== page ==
When it comes to getting things done Phyllida Barnes finds a good dose of moral support from a friend can work wonders.
Everybody who has ever worked for themselves from home, gone freelance, been an actor and had extended ‘resting’ periods, stayed at home with a baby or children, or been unemployed knows the feeling. The feeling that involves looking out of the window mid-morning from a fast-cooling house at driving rain, a low grey sky, turning leaves and knowing, just knowing, that you are the only human being alive stuck at home alone without any earning potential that day. This feeling usually crops up at the beginning of autumn proper when damp slipperiness has settled seriously on your garden path and the local park and you know that soon the clocks will go back and your day will end at 5pm.
Once or twice a lifetime you can justify slipping back into bed with a hot water bottle, reading every piece of paper lying on the bedroom floor and on the bedroom table and then turning on the telly to watch Escape to the Country or Housewives from the Orange Country (mistake intended) or whatever hateful programme is on that day. Everyone I know with paying jobs will be green with envy at this idea, but then I am jealous of their certain pay cheques and holiday pay and especially their pension, and in any case, more often than not, it is not justifiable and you have to achieve quite a few things during that horrible grey day in order to stave off depression, boredom, bankruptcy and heart disease.
I had just such a day a few weeks ago. I sat with my head in my hands staring at the computer and could not get a word out of my brain and onto the screen. I stood in our bed and breakfast room and couldn’t strip the bed ready for the next longed-for paying guests. I slithered towards the chicken shed and slithered straight back inside again, unable to pick up the shit from the floor of the shed. I sat down near the baskets of mending and ironing in the sitting room and stared at them.
Then I remembered one of the somethings I really needed to do that day when at home, which was to order replacement European Health Insurance cards for me and my three children. Forty minutes later, having barked answers crossly at the automated phone thingy and also having told the machine to f-off (“I do not recognise that answer; please could you repeat?”) I had only managed to secure two, one for me and one for the child who is still under 19. The others are students and would only apply for their new EHI cards themselves if faced with a firing squad. I was actually sobbing with frustration and despair when I had a light bulb moment (or an idea as it used to be called) – I would Phone a Friend!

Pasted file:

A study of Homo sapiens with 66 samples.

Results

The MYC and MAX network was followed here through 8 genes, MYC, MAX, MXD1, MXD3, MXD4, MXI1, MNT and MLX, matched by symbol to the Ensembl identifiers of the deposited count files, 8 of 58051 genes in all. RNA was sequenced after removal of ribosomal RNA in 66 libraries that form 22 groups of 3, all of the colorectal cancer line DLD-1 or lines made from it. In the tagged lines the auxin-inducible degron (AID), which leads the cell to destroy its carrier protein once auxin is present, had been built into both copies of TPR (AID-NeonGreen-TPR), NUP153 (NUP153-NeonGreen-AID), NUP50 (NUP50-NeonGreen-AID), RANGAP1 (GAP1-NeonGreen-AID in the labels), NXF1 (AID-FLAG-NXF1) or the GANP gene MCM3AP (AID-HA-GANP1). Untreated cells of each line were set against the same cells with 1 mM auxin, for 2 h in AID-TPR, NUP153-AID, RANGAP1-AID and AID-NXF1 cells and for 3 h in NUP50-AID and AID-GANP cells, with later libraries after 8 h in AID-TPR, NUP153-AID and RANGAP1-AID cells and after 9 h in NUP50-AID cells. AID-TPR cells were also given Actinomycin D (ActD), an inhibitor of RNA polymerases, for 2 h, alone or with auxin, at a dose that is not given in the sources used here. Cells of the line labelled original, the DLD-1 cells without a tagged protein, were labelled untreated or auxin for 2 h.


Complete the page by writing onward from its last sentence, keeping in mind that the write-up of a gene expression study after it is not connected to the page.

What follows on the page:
I Phoned that Friend! We both agreed we were desperately depressed – and then we Made a Plan! We would achieve one more essential yet tedious thing in our own houses and then she would come up to my house with her ironing. I know I know I know, that does not sound exciting or uplifting, but it really was. She turned up with ironing and board and a jar of the chutney she had made for a Christmas present.
We laughed, we went for a very damp walk, we got cheap therapy from each other, we laughed some more, I made her a pudding (using an eight-minute recipe) for an event she couldn’t face baking for that night, and then we did our ironing. Again we laughed and eventually we parted, and afterwards I achieved another five of the very boring things I needed to achieve before being allowed out of the house.
It felt as though we were skiving but actually all we were doing was what freelancers and part-time workers and mums and grannies should do much more of – spend quality and productive time with each other. We need each other, on a very basic level.
Women have always spent time together, talking and laughing and getting advice. Having a getting-it-off-your-chest whinge really does put everything into perspective. My friend phoned me the next day to say thanks for such a funny day and how she had felt so much better, but I had to stop her going on about it – she had helped me more than I had helped her, in my opinion. We hope to do it again soon. I call it ’21st century quilting’ and can’t recommend it highly enough.